Porn Studies in North American and Europe (for now)

by Brian Bergen-Aurand


Porn Studies is the first dedicated, international, peer-reviewed journal to critically explore those cultural products and services designated as pornographic and their cultural, economic, historical, institutional, legal and social contexts. Porn Studies will publish innovative work examining specifically sexual and explicit media forms, their connections to wider media landscapes and their links to the broader spheres of (sex) work across historical periods and national contexts.

Porn Studies is an interdisciplinary journal informed by critical sexuality studies and work exploring the intersection of sexuality, gender, race, class, age and ability. It focuses on developing knowledge of pornographies past and present, in all their variations and around the world. Because pornography studies are still in their infancy we are also interested in discussions that focus on theoretical approaches, methodology and research ethics. Alongside articles, the journal includes a forum devoted to shorter observations, developments, debates or issues in porn studies, designed to encourage exchange and debate.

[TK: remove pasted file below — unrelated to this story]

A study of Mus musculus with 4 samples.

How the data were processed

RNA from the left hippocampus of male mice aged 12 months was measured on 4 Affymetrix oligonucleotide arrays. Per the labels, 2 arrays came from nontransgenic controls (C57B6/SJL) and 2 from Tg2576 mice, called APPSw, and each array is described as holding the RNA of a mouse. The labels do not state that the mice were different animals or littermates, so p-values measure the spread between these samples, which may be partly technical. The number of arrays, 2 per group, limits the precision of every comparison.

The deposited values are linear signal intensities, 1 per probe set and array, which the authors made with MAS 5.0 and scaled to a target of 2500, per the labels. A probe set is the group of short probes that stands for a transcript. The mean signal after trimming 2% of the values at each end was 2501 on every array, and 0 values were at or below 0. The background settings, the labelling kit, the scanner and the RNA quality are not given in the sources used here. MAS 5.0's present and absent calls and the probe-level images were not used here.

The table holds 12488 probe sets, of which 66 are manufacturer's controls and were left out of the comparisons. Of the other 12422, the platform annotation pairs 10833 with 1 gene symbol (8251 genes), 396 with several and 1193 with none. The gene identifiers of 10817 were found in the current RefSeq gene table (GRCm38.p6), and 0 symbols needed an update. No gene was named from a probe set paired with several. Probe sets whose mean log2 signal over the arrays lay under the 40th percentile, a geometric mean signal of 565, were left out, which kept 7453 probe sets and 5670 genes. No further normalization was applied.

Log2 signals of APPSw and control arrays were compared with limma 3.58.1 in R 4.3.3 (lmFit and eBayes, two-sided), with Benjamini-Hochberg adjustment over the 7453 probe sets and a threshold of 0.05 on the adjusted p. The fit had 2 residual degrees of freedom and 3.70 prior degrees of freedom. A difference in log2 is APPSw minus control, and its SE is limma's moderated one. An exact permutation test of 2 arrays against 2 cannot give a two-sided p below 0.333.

Seeing the premiere issue of Porn Studies available online inspired me to reflect on some key texts behind my own understanding of mediated sex and a few thoughts on where we go from here.

Any list of serious work on pornography has to begin with two projects by Linda Williams, who practically invented the academic field in the 1990s, with her book Hard Core: Power, Pleasure, and the “Frenzy of the Visible.” I first read Hard Core a year after its publication in 1989 and returned to it again when its second edition was published in 1999. In the first edition, Williams argued that we consider pornography as a film genre, a type of text with certain expectations and affects–like horror or musicals–and little else. The goal of porn is to make pleasure visible. In second edition, she further developed that argument and began discussing teaching “hard core” texts in classes. Williams continued her research in the edited collection Porn Studies, published in 2004, where more authors argued not only for studying but also for teaching pornography.